Market watchers question idea of linking RR with market rates of property
The state government has once again hiked the ready reckoner (RR) rates with effect from January 1. The rate, which has touched a maximum of 30 per cent, is used to calculate the minimum registration charges and stamp duty to be paid at the time of registering a property transaction. An increase in RR rate means higher stamp duty for home buyers. Over the last five years, the rate has nearly doubled.
Industry watchers say the increase is in line with the rise in property prices across the Mumbai metropolitan region. “The government is trying to peg the rate closer to the market value. But the market value itself is based on speculation of the developers. So why should the RR rate be based on prevailing rate rather than a fair rate?” asks Pankaj Kapoor, founder and managing director of Liases Foras Real Estate Rating and Research. He said since 2007 there has on an average 100 per cent rise in property prices in Mumbai metropolitan region.
The rates in areas such as Colaba, Malabar Hills, Cumballa Hills, Worli, Parel, Sewri, Dadar and Naigaon have seen a sharp rise. Between 2008 and 2013, it increased on an average 120 per cent across the five zones of Worli, 101 per cent across the 16 zones of Malabar Hills and Cumballa Hills area, and nearly 99 per cent across the 20 zones in Parel-Sewri belt.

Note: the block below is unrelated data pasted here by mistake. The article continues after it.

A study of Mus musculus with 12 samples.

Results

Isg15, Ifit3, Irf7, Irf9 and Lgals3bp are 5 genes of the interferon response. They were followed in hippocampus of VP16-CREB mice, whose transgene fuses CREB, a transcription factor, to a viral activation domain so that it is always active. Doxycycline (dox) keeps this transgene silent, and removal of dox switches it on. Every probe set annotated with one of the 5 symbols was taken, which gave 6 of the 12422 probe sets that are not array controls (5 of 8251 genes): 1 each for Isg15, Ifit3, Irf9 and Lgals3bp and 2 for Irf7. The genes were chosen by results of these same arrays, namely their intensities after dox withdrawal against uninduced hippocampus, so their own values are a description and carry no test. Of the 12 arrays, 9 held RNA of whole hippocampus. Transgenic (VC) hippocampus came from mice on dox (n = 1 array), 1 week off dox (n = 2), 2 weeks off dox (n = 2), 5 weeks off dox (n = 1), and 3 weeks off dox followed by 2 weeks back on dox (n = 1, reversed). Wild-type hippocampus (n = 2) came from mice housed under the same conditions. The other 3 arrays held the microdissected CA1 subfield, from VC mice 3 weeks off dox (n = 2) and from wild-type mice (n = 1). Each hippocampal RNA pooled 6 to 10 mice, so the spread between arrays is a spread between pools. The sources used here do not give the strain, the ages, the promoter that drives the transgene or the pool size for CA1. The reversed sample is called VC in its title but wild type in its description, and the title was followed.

In suburbs too rate hike is startling. The average rate across the 16 zones of Borivali has jumped 160 per cent between 2008 and 2012. In Vile Parle, Chembur and Mulund, it has risen by roughly 70 per cent.
During the same period, the market value of property across the Mumbai metropolitan region has nearly doubled and the difference between market value and RR rate is shrinking, say market watchers.
“Ideally there should be a gap between the RR rate and the market value. The RR rate should not be derived on basis of market rate, which has a high tendency to be volatile,” said Anshuman Magazine, Managing Director of CBRE South Asia.